It might not be nice, but I often judge people by the television shows that they watch while exercising at the gym. Each machine is equipped with its own TV, and I find the programming choices that people make to be utterly fascinating. Not only are these people watching these programs, but they are also willing to let everyone in the gym know what they are watching. Under these circumstances, I would expect people to be more discerning about their choices, but from what I have seen, they are not.
Today I used an elliptical machine that was flanked by two identical machines on the left and one on the right. After a brief examination of the television screens attached to these machines, I felt like I had hit the trifecta in terms of programming choices.
Directly to my right, a woman was watching Whitney Houston’s appearance on Oprah. Whitney appeared to be in the midst of an emotional interview, and it was followed by a musical performance that had Oprah waving her arms in the air and singing along with the music in an expressive display normally reserved for a Baptist Church on Easter Sunday.
Why anyone would have any interest in Whitney Houston’s life, especially as told by Whitney herself, is beyond me. With almost one hundred channels available, was this really the best that this woman could do?
To my left, a man was tuned to Glenn Beck’s program. I know that Glenn Beck exists, and I’ve always assumed that someone must be watching his show (despite his loss of almost eighty advertisers), but I’ve also assumed that the only people watching him are lunatics, zealots, and idiots. Or more likely, all three. But the man exercising next to me looked completely normal and well adjusted.
Yet he was watching Glenn Beck.
Two machines over, another woman was watching what appeared to be a biopic of sorts on the Kardashians, a family who I was just tweeting about earlier this week. I become aware of their existence on Sunday thanks to some supermarket tabloid covers and was pleased to realize that I had no idea who these people are, much to the dismay of at least two co-workers.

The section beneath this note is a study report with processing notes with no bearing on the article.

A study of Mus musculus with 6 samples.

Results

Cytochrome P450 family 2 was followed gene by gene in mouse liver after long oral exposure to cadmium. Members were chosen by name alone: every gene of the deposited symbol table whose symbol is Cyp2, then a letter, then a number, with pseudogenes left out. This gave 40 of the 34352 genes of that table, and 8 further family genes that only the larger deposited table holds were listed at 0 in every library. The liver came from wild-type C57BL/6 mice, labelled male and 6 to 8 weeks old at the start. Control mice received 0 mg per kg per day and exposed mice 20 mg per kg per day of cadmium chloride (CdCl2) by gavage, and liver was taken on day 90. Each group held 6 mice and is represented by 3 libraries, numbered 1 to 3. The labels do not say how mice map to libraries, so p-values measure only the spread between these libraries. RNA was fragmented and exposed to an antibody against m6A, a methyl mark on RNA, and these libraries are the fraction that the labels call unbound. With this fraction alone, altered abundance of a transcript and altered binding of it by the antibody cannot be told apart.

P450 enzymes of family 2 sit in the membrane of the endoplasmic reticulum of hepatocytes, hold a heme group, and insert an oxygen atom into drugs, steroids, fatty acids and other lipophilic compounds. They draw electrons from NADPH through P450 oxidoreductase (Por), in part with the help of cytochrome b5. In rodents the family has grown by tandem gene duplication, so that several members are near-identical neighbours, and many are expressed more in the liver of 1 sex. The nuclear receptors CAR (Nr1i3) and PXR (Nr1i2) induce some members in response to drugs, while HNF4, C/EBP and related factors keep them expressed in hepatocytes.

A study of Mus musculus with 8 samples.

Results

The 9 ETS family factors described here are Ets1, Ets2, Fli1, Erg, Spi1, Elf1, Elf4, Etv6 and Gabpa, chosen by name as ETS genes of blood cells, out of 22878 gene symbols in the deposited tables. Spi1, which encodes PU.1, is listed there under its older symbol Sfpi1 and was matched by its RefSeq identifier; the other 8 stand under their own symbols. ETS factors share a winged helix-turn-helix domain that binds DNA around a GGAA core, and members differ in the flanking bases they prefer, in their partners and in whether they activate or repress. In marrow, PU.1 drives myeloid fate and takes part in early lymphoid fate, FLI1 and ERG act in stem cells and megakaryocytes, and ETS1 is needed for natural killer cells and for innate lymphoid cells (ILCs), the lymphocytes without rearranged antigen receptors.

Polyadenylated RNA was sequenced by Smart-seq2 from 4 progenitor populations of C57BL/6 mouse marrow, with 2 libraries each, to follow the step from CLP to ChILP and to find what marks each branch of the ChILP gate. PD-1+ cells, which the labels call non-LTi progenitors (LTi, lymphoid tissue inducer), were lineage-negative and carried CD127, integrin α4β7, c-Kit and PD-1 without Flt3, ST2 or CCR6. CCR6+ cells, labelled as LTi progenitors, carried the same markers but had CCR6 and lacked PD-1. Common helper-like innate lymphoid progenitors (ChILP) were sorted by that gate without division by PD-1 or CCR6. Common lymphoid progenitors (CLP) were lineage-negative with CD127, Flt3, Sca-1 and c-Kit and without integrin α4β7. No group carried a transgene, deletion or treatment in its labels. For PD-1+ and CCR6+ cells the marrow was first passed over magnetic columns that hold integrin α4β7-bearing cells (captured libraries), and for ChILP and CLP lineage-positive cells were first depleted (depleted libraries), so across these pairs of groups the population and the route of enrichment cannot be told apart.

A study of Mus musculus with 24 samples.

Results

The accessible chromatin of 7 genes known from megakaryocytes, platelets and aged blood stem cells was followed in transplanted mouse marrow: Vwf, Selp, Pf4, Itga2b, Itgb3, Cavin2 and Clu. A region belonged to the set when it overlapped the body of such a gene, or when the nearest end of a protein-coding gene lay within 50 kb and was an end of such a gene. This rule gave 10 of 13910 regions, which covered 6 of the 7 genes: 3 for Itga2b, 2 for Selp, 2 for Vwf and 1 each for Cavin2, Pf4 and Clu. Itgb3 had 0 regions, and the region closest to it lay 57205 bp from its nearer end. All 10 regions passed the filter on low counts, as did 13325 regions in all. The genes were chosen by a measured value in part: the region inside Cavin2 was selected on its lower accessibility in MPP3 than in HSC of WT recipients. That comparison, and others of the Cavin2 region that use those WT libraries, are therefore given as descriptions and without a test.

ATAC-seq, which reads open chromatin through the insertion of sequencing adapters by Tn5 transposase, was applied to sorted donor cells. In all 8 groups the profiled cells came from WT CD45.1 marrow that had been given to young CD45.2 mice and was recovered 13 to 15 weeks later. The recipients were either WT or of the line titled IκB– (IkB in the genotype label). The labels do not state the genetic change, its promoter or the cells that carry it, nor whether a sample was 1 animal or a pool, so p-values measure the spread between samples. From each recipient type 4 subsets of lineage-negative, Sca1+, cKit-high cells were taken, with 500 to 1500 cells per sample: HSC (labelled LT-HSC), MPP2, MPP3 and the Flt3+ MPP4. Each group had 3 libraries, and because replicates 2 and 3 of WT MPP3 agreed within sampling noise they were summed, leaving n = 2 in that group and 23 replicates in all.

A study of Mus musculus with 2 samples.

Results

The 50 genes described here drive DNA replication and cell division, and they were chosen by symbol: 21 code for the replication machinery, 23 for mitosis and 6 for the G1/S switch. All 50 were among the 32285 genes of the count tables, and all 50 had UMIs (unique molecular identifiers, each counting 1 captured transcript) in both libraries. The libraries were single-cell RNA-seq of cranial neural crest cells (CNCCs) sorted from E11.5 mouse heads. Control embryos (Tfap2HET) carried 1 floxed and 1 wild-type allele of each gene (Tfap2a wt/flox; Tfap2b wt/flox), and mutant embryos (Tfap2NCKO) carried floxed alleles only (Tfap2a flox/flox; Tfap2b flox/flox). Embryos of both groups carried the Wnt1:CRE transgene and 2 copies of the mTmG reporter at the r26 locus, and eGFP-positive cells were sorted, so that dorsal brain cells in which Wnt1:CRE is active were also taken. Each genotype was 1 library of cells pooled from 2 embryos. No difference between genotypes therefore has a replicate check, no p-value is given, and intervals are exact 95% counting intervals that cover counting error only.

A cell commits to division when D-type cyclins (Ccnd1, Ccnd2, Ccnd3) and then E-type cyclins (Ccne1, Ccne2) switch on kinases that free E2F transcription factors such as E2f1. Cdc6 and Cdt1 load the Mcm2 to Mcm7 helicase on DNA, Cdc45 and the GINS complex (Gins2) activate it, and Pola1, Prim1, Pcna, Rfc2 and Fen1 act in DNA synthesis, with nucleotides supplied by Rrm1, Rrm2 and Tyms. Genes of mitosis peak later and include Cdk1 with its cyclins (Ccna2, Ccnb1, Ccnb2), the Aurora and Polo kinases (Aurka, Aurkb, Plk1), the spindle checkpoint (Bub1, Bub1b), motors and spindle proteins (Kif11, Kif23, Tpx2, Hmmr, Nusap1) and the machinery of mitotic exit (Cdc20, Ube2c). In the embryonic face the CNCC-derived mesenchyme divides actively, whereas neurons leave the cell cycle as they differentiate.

When you limit your media intake to a bevy of carefully-chosen podcasts, the occasional newspaper, a handful of trusted blogs, The New York Times iPhone application, a limited number of television shows (all commercial-free thanks to TiVo), and televised sporting events, you miss things like the Kardashians, Balloon Boy, and the most recent machinations on Survivor.
And you’re the better for it. Balloon Boy’s balloon had been on the ground for two days before I even caught wind of the story.
I’m still not sure why these Kardashians are famous, or even how many Kardashians there are, but this woman was watching a show about their lives. An E True Hollywood Story, I think, or something like it. I couldn’t be sure. But presumably some true-life story.
Not knowing who these Kardashians are, this is the most difficult programming choice upon which to pass judgment, but I did anyway. I can only assume that the Kardashians offer little to society except for meaningless drama and inane controversy, so to spend an hour watching the story of their lives, whoever the hell they are, strikes me as foolish, wasteful, stupid or insane.
Yet this woman was willing to devote an hour of her life to this show and allow others to watch her watching it.
As for me, I was listening to an iTunes genius playlist based upon Dire Straits’ Walk of Life and watching a basketball game on ESPN 2. Judge me if you’d like, but as far as I can tell, I’ve got Whitney Houston, a bunch of Kardashians, and Glenn Beck beat by a mile.
I like to think that I subscribe to the philosophy of Ricky Roma, from the film Glengarry Glen Ross:
“I subscribe to the law of contrary public opinion… If everyone thinks one thing, then I say, bet the other way…”
If everyone is fascinated by Glenn Beck, Whitney Houston and the Kardashians, they must all suck.